A Carrier Pigeon’s Military Message Was Delivered a Century Too Late
A couple in Alsace, France, stumbled onto a capsule containing a cryptic note dated to either 1910 or 1916
Jade Halaoui was hiking in the Alsace region of France this September when a glint of metal in a grassy field caught his eye. Intrigued, he dug the small capsule out of the ground and opened it, reports Nicolas Roquejeoffre for local newspaper Les Dernières Nouvelles d’Alsace (DNA).
To Halaoui’s surprise, the two-inch-long aluminum cylinder contained a century-old note written in spidery German script. The hiker and his partner, Juliette, took the artifact to the Linge Memorial Museum in Orbey, where curators determined that the message was likely sent by a Prussian infantry officer via carrier pigeon around the onset of World War I, per Aurelien Breeden and Isabella Kwai of the New York Times.
Dominique Jardy, curator at the Linge museum, tells CNN’s Jack Guy that the note was written in looping handwriting that is difficult to decipher. The date clearly reads “July 16,” but the year could be interpreted as 1910 or 1916, Jardy adds in an interview with DNA. (World War I took place between 1914 and 1918.)
Jardy enlisted a German friend to help him translate the note. As Agence France-Press reports, the note reads, in part: “Platoon Potthof receives fire as they reach the western border of the parade ground, platoon Potthof takes up fire and retreats after a while. In Fechtwald half a platoon was disabled. Platoon Potthof retreats with heavy losses.”
The message, which was addressed to a senior officer, appears to have been sent by a Prussian infantryman based in Ingersheim. The note refers to a military training ground, which leads Jardy to think that the note likely refers to a practice maneuver, not actual warfare.
“It’s a little report on a battle simulation,” he tells the Times.
“I’ve never seen this in 40 years,” Jardy adds, calling the find “exceptional.”
The paper is well-preserved but quite fragile, so the museum plans to put a facsimile on display, the curator says to DNA.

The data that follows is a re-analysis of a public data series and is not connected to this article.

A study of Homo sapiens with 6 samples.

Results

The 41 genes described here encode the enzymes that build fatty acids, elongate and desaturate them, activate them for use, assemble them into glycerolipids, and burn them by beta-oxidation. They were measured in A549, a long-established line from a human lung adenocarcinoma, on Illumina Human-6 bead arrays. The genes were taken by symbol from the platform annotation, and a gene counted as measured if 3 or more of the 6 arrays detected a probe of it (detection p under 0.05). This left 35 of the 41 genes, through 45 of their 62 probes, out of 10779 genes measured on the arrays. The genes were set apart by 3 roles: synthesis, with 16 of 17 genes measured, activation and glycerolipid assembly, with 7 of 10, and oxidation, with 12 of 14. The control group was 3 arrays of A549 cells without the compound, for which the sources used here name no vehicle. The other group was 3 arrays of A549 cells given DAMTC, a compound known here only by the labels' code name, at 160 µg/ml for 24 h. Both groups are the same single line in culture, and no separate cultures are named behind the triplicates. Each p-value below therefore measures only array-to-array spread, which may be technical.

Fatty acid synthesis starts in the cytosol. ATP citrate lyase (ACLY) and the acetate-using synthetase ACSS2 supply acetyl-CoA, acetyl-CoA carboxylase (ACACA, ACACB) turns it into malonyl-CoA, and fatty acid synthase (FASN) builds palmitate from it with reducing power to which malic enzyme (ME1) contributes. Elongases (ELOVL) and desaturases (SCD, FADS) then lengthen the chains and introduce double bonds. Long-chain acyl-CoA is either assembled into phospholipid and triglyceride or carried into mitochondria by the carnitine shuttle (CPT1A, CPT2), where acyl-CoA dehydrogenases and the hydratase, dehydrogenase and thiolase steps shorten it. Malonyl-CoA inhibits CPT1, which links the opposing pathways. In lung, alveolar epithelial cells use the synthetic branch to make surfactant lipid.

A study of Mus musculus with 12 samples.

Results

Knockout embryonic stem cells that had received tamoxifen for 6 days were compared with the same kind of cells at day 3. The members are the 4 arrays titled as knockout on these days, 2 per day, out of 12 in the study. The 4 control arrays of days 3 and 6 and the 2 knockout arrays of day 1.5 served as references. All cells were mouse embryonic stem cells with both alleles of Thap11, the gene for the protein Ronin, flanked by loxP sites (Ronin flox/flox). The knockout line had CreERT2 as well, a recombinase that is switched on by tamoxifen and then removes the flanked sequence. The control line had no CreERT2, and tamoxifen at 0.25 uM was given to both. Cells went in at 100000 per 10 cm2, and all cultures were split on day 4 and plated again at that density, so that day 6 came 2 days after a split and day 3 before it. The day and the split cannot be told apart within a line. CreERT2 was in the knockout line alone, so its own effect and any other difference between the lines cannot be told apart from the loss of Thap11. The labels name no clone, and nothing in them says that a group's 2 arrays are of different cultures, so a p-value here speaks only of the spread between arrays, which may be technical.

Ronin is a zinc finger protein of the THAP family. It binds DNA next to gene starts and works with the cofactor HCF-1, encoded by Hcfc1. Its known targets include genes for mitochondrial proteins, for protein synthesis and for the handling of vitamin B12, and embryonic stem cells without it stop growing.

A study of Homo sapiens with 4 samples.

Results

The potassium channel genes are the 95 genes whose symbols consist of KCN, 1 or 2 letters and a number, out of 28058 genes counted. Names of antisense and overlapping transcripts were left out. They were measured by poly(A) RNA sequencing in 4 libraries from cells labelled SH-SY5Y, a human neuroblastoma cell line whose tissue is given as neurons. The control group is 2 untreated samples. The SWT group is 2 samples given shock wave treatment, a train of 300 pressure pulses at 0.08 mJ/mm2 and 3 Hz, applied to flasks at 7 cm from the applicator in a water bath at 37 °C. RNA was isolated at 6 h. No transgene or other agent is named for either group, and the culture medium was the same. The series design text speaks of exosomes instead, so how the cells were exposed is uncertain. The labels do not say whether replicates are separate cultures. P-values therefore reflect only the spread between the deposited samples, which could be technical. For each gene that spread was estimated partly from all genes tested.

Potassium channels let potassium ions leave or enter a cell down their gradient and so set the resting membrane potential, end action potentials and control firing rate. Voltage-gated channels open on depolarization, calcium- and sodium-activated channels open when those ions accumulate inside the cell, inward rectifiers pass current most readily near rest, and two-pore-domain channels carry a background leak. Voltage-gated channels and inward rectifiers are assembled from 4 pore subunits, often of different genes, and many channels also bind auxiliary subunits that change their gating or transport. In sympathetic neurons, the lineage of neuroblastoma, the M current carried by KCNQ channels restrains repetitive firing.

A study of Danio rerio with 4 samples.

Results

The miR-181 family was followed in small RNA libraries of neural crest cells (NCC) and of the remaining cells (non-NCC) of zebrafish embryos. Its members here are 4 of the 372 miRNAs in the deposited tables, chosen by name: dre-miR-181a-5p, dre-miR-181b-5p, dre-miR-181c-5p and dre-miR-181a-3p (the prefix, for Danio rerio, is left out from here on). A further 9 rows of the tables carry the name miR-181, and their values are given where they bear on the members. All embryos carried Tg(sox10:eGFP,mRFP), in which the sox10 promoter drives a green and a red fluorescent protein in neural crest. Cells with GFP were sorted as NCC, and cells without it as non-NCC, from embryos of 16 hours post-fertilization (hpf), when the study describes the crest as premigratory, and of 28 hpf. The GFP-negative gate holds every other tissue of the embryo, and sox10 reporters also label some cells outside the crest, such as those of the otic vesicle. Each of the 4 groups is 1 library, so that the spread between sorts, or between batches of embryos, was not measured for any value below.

Jardy tells the Times that military officials typically sent multiple pigeons with the same message to ensure that crucial information reached its destination. Halaoui discovered the long-lost message just a few hundred yards from its site of origin, so Jardy suspects that this capsule slipped off the homing pigeon’s leg early in its journey.
Today, Alsace forms part of eastern France. But Germany annexed the region at the end of the Franco-Prussian War in 1871, and it remained under German control until after World War I, when it was returned to France under the Treaty of Versailles.
Homing pigeons played a pivotal role in military communications during World War I. As Mike Dash reported for Smithsonian magazine in 2012, the birds required little food, were easy to transport and could fly as fast as 60 miles per hour.
“Captured homing pigeons betrayed nothing of their point of origin or their destination, and those that made it through completed their journeys tirelessly and as rapidly as possible,” Dash explained.
One famous American carrier pigeon, Cher Ami, delivered 12 important messages. On his final mission in 1918, the bird was shot and badly injured, but he still managed to deliver his message, arriving blind in one eye with the correspondence dangling from his wounded leg. The message aided the relief of 194 American soldiers; for his heroic service, the French government honored Cher Ami with the “Croix de Guerre.” The pigeon’s stuffed body now resides at the Smithsonian’s National Museum of American History.